The Florida Academy: Making a Difference in Massage and Skincare
Aug 30, 2013 09:40AM
● By Linda Sechrist
When L. J. Zielke graduated first in his class from the University of Louisville School of Law and was awarded a scholarship to work with barristers in London, England, it never crossed his mind that someday he would be the co-owner of the Florida Academy, in Ft. Myers. It wasn’t until several years later while he was working with a client at one of Louisville’s top 10 law firms that the opportunity presented itself. “My client, who eventually became my friend, was involved in the spa industry and also owned hotels and assisted living centers throughout the Southeast. He valued my knowledge and expertise in education law and suggested that we establish a partnership,” says Zielke.
Today Zielke, who is licensed in Florida as well as in Kentucky, not only lends his legal counsel to the academy for massage, skincare and nails, he also teaches the required 10-hour class in Florida law that students need to obtain their license to practice. “I love teaching the class because I’m an ardent supporter of our students and I’m as passionate about our industry as I am about the law. I have several objectives for students in my class: to understand the law and ethics in a way that will pertain to them in the real world as well as in testing for their license; to understand the legal concepts of being an employee in an employee/employer relationship or owning their own business; and to make it clear how they can benefit from becoming civic minded,” says Zielke.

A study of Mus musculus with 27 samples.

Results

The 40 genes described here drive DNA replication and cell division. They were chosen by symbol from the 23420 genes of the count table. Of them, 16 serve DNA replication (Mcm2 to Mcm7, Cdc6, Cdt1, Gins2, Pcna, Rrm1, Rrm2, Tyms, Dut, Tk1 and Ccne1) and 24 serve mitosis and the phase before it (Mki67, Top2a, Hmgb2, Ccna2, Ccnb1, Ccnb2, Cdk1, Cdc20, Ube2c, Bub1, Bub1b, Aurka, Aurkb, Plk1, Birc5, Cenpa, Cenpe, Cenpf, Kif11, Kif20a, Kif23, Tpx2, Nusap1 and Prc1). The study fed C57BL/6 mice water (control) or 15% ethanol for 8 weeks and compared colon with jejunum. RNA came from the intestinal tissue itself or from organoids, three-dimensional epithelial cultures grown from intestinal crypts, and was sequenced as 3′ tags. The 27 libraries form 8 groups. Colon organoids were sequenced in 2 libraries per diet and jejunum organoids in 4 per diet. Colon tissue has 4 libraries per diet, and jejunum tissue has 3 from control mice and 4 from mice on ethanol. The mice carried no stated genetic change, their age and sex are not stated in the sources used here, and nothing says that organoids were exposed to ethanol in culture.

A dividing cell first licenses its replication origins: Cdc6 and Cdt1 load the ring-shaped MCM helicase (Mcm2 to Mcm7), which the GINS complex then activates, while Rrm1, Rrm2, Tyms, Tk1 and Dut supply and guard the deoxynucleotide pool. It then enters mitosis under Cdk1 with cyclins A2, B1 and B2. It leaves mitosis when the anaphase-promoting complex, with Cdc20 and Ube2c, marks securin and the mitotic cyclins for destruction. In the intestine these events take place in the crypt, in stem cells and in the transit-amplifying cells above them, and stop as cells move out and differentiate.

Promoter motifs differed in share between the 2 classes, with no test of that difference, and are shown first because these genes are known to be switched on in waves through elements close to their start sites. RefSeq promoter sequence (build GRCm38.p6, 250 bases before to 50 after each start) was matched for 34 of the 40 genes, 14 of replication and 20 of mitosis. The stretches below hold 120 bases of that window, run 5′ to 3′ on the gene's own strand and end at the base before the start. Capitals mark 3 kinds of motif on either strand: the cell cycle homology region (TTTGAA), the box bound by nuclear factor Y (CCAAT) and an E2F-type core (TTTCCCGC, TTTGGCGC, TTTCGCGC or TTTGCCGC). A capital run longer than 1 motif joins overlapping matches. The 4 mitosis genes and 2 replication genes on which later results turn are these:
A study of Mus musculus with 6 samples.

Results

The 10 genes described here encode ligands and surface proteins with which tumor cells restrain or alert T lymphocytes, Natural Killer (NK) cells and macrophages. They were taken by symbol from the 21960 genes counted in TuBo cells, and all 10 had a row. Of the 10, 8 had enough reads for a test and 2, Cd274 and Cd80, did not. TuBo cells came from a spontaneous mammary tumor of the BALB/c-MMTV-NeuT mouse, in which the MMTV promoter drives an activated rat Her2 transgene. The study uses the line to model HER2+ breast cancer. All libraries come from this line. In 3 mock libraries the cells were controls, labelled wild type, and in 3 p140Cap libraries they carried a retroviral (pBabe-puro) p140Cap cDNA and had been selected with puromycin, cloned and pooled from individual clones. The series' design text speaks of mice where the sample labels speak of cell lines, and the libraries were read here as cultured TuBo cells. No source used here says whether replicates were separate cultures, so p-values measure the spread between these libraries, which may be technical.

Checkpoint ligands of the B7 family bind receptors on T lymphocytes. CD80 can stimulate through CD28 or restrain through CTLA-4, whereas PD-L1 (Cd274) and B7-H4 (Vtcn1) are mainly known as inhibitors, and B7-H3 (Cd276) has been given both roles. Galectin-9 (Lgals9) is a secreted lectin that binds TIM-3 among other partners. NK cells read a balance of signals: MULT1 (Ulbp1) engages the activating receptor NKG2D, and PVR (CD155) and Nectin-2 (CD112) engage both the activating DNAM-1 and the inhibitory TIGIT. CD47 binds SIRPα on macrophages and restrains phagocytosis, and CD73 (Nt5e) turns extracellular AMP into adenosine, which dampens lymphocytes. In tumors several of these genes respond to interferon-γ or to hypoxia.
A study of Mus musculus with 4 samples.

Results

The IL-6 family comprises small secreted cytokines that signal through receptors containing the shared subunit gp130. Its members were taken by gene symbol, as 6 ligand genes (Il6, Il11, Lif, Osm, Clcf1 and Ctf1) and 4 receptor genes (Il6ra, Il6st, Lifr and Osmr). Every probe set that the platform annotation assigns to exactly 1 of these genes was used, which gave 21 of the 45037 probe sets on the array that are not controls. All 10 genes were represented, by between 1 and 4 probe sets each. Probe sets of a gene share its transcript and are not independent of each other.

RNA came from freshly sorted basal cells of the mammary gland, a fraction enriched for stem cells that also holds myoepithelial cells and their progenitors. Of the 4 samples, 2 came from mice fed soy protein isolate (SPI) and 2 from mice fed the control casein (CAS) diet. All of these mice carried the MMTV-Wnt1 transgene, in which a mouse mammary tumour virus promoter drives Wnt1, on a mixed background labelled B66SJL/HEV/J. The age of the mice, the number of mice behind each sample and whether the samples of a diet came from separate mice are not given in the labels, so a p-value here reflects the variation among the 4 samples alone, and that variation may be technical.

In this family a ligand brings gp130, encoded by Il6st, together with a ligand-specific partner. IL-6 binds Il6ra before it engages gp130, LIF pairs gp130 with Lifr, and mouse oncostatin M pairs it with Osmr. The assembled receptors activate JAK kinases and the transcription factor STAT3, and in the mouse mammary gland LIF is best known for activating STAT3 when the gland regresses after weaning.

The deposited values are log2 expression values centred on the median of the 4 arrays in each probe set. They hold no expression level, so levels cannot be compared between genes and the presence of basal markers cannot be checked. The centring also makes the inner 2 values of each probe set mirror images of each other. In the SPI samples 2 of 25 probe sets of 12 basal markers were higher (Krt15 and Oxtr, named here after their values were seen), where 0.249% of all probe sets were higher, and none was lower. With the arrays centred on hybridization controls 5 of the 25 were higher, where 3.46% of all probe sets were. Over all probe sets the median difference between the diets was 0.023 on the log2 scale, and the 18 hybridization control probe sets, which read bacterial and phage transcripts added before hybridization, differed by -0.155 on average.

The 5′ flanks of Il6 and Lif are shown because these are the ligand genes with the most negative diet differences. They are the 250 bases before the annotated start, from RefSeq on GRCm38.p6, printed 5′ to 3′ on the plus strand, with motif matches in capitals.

“We educate everyone from the perspective that they could be the owner of their own spa or the owner of the next Massage Envy franchise. For instance, Charlotte Harbor Massage, owned by academy graduates who employ one esthetician and four massage therapists [also graduates], won ‘Best Spa’ in Harbor Style magazine’s Harbor’s Hottest 2013 contest. This is a great testimonial to the academy and the kind of distinguished achievement that we love to celebrate.”
Zielke and his partner invested a significant amount of time researching schools before purchasing the Florida Academy in 2009. “We did our due diligence for schools from east to west and settled on this one for three reasons—since 1992, when it first opened, the school maintained a stellar performance record, was totally free of any Better Business Bureau or attorney general complaints, and was located in an area flourishing with large spas and day spas where students could be gainfully employed after graduation. Additionally, there is a significant faction of the community that prefers a holistic approach to health care,” clarifies Zielke, who notes that Collier, Lee and Charlotte counties are where a majority of the academy’s students reside and work.
The trend that Zielke’s partner saw occurring in his spa businesses was the impetus for the two men to invest in more massage and skin care schools. “He observed that graduates of schools who were coming to work in his spas were without clinical experience and had largely never worked on individuals who were older than 60. Since students learn by practicing on one another, and the average age of students is between 25 and 35, spas have concerns regarding their older clients. We knew for sure that this was our chance to solve this problem and allay concerns about graduates from our schools,” advises Zielke.
Reflecting on his decision to leave his litigation practice in education law to teach Florida and Kentucky law to academy students and influence the future of massage schools, Zielke notes that he prefers to work with academy students. “In litigation, if a client does win a case, they rarely walk away completely happy, because the process is a burden and there are always large legal fees to pay. Students, on the other hand, come in a little hesitant and worried because they haven’t been in school for a while, but leave as confident professionals with a new sense of life and perspective on the world. It is such a far more rewarding way to spend my time,” he says.
Location: Colonial Center, 4387 Colonial Blvd., Ft. Myers. For more information, call 239-489-2282 or visit Florida-Academy.edu.